The Makeup of the Lege, From Education to Employment

If state lawmakers in the 83rd legislative session ever need legal representation, they will not have to look far; nearly a third of their colleagues are lawyers. If they want a tutorial on newfangled technology, they will have help — the Legislature, with its dozens of new members, is getting increasingly youthful, according to research of legislative records.

And as the 180 current legislators prepare for debates over higher education spending and accountability, they will bring varied experiences to the table: Nearly one-third of them went to a private college or university, and nearly two-thirds went to public schools. Four went to community colleges, while six have only a high school education.

Nearly one-third of lawmakers attended a University of Texas-affiliated school, including the University of Texas at Austin, the University of Texas-Pan American and the University of Texas at San Antonio. The most popular private school? Baylor University, attended by 11 of this session's lawmakers.

 

Gender diversity has taken a step back this session. While more than half of Texas’ population is female, women hold fewer than 21 percent of the Legislature’s seats. There are 37 women in the House and Senate combined, down from 43 in 2009 and 38 in 2011.

To some, the drop in female representation may be having dire effects, including last session’s $73.6 million cut to the state’s family planning financing.

“I believe that one of the reasons we’ve seen so much pushback on women’s health care and successful cutting of funds has something to do with the fact that women are underrepresented to a large degree,” said state Rep. Donna Howard, D-Austin.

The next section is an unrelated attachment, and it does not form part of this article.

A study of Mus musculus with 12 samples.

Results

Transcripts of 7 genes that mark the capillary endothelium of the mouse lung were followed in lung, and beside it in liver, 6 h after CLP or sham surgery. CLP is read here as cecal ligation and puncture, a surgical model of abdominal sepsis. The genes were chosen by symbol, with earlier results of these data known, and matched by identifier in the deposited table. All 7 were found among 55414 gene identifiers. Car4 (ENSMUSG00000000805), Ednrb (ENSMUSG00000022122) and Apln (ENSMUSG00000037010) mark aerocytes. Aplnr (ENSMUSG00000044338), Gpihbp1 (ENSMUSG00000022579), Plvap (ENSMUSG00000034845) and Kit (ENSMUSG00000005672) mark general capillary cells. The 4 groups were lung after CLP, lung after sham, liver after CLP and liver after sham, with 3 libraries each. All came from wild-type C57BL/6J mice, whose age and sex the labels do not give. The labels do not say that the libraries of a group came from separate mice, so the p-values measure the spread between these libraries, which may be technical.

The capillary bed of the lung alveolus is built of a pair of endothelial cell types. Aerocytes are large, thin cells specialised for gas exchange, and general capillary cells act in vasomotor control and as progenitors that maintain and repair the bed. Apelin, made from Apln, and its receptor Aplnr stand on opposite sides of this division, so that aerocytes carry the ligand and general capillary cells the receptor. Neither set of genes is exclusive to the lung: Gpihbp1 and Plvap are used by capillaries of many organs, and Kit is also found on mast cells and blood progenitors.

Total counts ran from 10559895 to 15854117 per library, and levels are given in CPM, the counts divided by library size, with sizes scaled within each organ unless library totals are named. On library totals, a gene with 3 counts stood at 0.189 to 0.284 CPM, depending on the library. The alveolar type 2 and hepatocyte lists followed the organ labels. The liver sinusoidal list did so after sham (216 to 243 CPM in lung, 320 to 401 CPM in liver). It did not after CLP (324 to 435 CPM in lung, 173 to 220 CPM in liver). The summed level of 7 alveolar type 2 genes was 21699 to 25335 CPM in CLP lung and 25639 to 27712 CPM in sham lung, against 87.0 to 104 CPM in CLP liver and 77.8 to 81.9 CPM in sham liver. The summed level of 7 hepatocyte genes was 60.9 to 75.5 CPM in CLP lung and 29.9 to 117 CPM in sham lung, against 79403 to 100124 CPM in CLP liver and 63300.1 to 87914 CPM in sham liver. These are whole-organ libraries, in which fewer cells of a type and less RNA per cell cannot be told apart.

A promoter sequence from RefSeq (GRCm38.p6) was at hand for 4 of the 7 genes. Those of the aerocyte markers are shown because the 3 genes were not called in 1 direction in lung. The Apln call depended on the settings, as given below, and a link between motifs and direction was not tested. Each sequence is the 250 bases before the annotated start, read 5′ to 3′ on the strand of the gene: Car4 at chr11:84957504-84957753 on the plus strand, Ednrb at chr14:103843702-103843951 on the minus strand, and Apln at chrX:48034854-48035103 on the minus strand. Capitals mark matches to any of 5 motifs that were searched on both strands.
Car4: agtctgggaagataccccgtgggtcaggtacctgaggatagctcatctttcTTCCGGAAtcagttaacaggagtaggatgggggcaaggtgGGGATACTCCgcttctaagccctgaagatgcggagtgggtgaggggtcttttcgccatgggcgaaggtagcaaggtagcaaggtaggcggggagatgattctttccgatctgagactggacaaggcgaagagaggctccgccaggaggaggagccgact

Ethnic diversity continues to tick slowly upward in this legislative session. In terms of the Legislature's demographic breakdown, there has been just a slight shift over 2011; two additional minority lawmakers hold elected office.

There are 38 Hispanic lawmakers in the Legislature, accounting for more than 20 percent of the House and Senate. That is the same number as in the last legislative session, and an increase of three seats over the 2001 session. Those figures lag behind the statewide numbers — 2010 census figures show more than 38 percent of the population identifies as Hispanic.

 

The number of black lawmakers — 20, or roughly 11 percent — is up by one member since the last session, and is more representative of Texas as a whole, where 12.2 percent of the population identifies as black, according to the census.

Roughly a decade ago, there were no Asian lawmakers. Now, there are three, an increase of one over last session. But Asians make up just 1.6 percent of the Legislature, compared to 4 percent of the state population.

The expanding diversity of the Legislature is “a trend that’s been continuing for a long, long time and it mirrors the changing face of this state,” said state Rep. Rafael Anchia, D-Dallas. “This state will be Hispanic and African-American into the future, and the elected representatives simply reflect that growing demographic and that political power.”

As the Legislature becomes more diverse, it is also getting younger. This session, more than 40 percent of lawmakers are under age 50, up from 34 percent in 2011. Last session, there were seven members older than 70; now there are just three.

The diversity of lawmakers’ careers, meanwhile, is less varied: Roughly a third identify as lawyers, and a third identify as business owners or executives.

Real estate is the money-maker for 16 legislators Slightly more lawmakers earn income from ranching and agriculture — 14 — than work in the health care field (12, not including veterinarians), and just a handful are educators or work in the nonprofit realm.

 

Julian Aguilar and Becca Aaronson contributed reporting.